The West Essex Golf Club 15 minutes outside of London is stuck in the middle of one of golf's oldest turf wars: Greens vs. Geese.
An article in The Sun indicates members and local residents are upset over the club's plan to kill geese that are fouling up the fairways and greens of the hilly James Braid design dating all the way back to 1900.
The report noted that gunmen hired by the club will mount an "aggressive campaign and try to shoot three or four on several evenings." One person interviewed by the Sun said: "I certainly don’t want these birds killed in the name of golf." The club insists that it has the proper permits and that many other courses handle geese this way under the law.
Apparently, the goose problem has been getting worse over the past three seasons, although none of the three reviews of West Essex posted on Golf Advisor since 2017 mention anything about goose droppings.
Geese are a nuisance for almost every golf course with a pond, especially those courses along migratory pathways. More than 800 reviews in the Golf Advisor database feature complaints about geese. Here are a few recent ones:
* "The geese and coots had their way with a few fairways. Stupid filthy birds. But, what can you do about that?! Anywhere there are ponds you will have these stupid poopers." review by user trogersaz1 about the Hillcrest Golf Course at Sun City West in Phoenix.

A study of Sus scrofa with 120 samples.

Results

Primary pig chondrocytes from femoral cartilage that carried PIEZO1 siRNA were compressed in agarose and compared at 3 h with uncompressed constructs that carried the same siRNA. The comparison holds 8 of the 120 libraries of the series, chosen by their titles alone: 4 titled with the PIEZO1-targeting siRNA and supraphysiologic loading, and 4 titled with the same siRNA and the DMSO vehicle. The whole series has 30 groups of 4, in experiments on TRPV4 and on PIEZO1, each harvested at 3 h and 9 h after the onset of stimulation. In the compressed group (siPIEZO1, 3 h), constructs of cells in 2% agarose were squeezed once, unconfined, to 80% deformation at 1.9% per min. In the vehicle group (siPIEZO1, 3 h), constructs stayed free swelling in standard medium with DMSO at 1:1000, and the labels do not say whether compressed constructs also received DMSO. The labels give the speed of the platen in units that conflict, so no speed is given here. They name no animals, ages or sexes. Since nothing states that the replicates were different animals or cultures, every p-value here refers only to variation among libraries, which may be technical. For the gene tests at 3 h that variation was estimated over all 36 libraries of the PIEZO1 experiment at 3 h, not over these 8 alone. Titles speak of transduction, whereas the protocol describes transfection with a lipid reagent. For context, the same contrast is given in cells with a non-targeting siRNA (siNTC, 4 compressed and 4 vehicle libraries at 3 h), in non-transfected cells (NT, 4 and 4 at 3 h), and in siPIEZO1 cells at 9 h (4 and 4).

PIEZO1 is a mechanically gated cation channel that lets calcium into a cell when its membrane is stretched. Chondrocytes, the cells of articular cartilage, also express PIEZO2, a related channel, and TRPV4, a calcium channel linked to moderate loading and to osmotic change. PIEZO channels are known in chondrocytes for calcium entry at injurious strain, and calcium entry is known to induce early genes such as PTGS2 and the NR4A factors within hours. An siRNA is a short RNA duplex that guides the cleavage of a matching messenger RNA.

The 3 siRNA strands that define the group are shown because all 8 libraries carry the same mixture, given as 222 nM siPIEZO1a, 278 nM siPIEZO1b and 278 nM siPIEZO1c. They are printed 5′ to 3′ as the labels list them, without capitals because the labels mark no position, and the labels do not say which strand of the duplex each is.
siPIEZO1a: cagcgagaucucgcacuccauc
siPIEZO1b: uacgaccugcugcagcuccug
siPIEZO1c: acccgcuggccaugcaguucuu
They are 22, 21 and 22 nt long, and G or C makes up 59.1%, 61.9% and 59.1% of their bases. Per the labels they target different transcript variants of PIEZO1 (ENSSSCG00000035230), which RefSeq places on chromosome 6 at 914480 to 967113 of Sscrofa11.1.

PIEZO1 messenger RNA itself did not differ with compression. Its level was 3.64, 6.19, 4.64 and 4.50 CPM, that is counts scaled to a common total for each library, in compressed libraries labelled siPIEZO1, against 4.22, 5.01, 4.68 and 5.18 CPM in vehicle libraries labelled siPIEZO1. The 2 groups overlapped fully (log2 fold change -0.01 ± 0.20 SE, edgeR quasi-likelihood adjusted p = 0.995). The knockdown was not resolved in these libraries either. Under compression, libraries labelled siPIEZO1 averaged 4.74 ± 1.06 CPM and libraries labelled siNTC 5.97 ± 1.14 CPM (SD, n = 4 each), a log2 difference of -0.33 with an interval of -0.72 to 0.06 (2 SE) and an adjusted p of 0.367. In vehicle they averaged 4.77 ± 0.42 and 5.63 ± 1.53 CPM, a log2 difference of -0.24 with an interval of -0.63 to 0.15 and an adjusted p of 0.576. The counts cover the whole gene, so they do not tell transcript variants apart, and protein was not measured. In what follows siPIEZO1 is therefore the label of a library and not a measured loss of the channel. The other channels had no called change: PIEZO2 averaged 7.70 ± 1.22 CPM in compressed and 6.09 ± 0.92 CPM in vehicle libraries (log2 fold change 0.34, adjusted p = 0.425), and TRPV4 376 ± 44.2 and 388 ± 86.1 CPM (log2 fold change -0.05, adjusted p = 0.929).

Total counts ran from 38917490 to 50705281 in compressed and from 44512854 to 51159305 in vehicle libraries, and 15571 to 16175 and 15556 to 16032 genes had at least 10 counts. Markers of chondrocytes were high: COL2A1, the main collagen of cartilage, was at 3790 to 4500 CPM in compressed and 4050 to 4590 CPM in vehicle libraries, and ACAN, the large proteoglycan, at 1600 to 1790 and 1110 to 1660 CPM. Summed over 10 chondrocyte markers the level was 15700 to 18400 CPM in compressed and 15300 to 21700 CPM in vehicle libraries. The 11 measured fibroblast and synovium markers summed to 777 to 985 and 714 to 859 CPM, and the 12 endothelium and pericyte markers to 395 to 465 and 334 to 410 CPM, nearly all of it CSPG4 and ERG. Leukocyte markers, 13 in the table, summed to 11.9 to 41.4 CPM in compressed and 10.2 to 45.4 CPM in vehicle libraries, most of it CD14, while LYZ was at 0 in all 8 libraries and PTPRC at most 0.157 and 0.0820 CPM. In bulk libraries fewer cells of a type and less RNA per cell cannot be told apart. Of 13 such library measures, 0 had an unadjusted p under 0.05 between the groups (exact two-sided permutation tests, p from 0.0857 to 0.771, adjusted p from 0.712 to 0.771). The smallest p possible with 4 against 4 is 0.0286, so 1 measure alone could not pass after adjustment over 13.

* Lots of geese and accompanying mess." review about the Links of Lowell in Arkansas.
* "Geese, coots and pigeons all over so poop everywhere. There is absolutely no more pride left at this course and it's too bad. Used to like playing here. I would like to say you get what you pay for but you don't." review of the Villa De Paz Golf Course in Phoenix.
According to a blog at www.birdbgone.com - a company selling "bird control products" - a single goose can produce up to four pounds of droppings in a day. It recommends products that can scare away geese instead of shooting them - a sonic device that emits goose distress calls at various intervals, visual deterrents that look like predators and move in the wind or a non-toxic liquid spray deterrent that irritates their senses.
Many course superintendents bring their dogs to work, not just for company, but to manage the goose population as well. Even decoy dogs have been known to work, according to this article in the Minneapolis Star Tribune. Trained dogs might be the best solution.
Win a dog at the Golf Industry Show in San Antonio? Yes, one of these border collies from @Flyawaygeese would make a nice addition to any golf course with a goose problem. These adorable pups start around $5,000. @GCSAA @GolfAdvisor @GIS_2018 pic.twitter.com/jMDP7GVhlx— Mike Bailey (@AccidentlGolfer) February 8, 2018
So what's your take on the plan in place at West Essex? Should the club stand down from its "aggressive" plan to kill the birds? Should it invest in "bird control products"? Want to share your story about a course struggling with geese? Tell us in the comments below.